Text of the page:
Wednesday, March 17, 2010

St Patricks Day and Stockholm Syndrome

In light of March 17th - commonly known as St Patrick's Day - I thought I would blog some thoughts about why I have always appreciated the day. By the way, Kermit has nothing to do with this blog, but I love the Muppets and he is green.

Patrick was born in Roman Britain. When he was about sixteen he was captured by Irish raiders and taken as a slave to Ireland, where he lived for six years before escaping and returning to his family. He entered the church, as his father and grandfather had before him, becoming a deacon and a bishop. He later returned to Ireland as a missionary, working in the north and west of the island. Legend credits Patrick with teaching the Irish about the concept of the Trinity by showing people the shamrock, a 3-leaved clover, using it to highlight the Christian belief of 'three divine persons in the one God'. St. Patrick died in 493, and by the eighth century he had become the patron saint of Ireland.

Taken as a slave into Ireland, much like Joseph into Egypt, St Patrick eventually became a catalyst for the gospel of Jesus Christ. Here is a man who fell in love with his captors. Patrick was a slave for 6 years before he escaped to study Christianity and return with the good news. Its interesting how God turns slavery into salvation.

Wikipedia describes Stockholm syndrome as a term used to describe a paradoxical psychological phenomenon wherein hostages express adulation and have positive feelings towards their captors that appear irrational in light of the danger or risk endured by the victims.

While it may be a stretch to call St Patrick's passion for Ireland, Stockholm Syndrome; you can see the theme of this kind of servanthood throughout scripture. Its a theme in the Christian walk. Paul tells us in Colossians that slaves are to obey their masters with a sincere heart as if they were working for the Lord.

I had a friend who likes to say that
being a Christian doesn't mean that you are supposed to just lie down and take abuse
But yet, almost every man of faith that has done significant things for the kingdom of God endured abuse and from that place God birthed change.

Look at the life of Daniel: stolen away from his family(who were likely killed) and made to accept a completely different way of life. - and God took this 'hostage' and rocked a pagan kingdom. The same with Joseph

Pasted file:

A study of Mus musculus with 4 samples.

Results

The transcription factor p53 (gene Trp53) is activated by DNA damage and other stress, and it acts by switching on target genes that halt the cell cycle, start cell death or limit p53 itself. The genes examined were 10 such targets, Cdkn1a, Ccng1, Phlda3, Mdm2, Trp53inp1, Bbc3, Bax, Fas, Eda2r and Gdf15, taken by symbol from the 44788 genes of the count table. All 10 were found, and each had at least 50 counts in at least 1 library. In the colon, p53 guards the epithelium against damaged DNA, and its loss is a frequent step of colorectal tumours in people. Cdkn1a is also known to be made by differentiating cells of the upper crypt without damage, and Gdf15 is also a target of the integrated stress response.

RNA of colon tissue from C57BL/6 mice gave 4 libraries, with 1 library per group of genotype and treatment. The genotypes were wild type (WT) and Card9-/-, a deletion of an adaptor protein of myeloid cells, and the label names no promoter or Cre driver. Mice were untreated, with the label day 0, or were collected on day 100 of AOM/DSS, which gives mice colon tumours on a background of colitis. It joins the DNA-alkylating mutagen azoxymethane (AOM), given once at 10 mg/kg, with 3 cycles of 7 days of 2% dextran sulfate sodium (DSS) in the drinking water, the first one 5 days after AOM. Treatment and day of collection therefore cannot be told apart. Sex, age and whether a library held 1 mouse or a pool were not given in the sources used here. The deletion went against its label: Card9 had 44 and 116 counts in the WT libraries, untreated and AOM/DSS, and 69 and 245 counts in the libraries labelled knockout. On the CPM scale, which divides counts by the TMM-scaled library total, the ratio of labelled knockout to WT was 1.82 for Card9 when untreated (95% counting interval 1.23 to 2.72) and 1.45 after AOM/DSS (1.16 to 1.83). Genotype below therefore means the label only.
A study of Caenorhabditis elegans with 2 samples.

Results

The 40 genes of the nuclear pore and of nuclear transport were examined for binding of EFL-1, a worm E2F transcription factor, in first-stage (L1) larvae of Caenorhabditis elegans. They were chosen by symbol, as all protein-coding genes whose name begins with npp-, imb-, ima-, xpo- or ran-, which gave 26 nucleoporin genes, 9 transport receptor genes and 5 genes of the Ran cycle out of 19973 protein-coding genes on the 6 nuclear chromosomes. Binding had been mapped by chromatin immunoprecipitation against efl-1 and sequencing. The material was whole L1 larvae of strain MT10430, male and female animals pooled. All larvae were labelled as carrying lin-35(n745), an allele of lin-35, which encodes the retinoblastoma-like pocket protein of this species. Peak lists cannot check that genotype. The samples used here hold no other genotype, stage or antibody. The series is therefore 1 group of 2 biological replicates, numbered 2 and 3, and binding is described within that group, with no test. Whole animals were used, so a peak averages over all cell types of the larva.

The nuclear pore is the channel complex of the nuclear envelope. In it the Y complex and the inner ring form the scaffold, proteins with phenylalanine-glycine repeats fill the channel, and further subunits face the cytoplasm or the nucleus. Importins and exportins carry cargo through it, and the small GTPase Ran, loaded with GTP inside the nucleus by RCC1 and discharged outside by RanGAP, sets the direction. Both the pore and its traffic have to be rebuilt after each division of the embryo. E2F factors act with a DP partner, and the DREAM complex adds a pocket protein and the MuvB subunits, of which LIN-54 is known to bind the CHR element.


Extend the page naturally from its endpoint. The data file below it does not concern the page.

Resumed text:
Most importantly we can see this trait in the instigator of salvation: Jesus. Jesus willing became a hostage to humanity. He became a servant to lead those he served into salvation.

So if you find yourself in a place where you feel used and abused, mistreated or unappreciated - I think that we can all learn from these men of faith. Being mistreated and under-appreciated comes with the territory of following Jesus. This is the kind of lifestyle that changes nations - literally. Here is a toast(of something green:) to becoming a church that would love and serve in the face of mistreatment rather than try to defend ourselves or our perceived righteousness.


  1. Thanks for sharing! Great information here. :)

    (rose & adam)

  2. Great thoughts Luke. I hope and pray that the church here in the Flathead Valley would produce followers of Christ who are known for loving and serving in the face of mistreatment.

    This posture probably is tied to whether or not we have died with Christ. Too often we add Jesus to a pretty "good" life and never go through the process of dying. If we will not die with him we will never live with him.

    What do you think?

  3. I find this to be both informative and encouraging. As repetitive of a theme humbleness and servitude is in God's word, it's something we all need to be reminded of from time-to-time. Especially for me. Thanks homie.

  4. Wow! .. very good insights. Thanks for that.

  5. Thanks for this perspective. Well-written, and i'm right there with you! Thanks for the encouragement.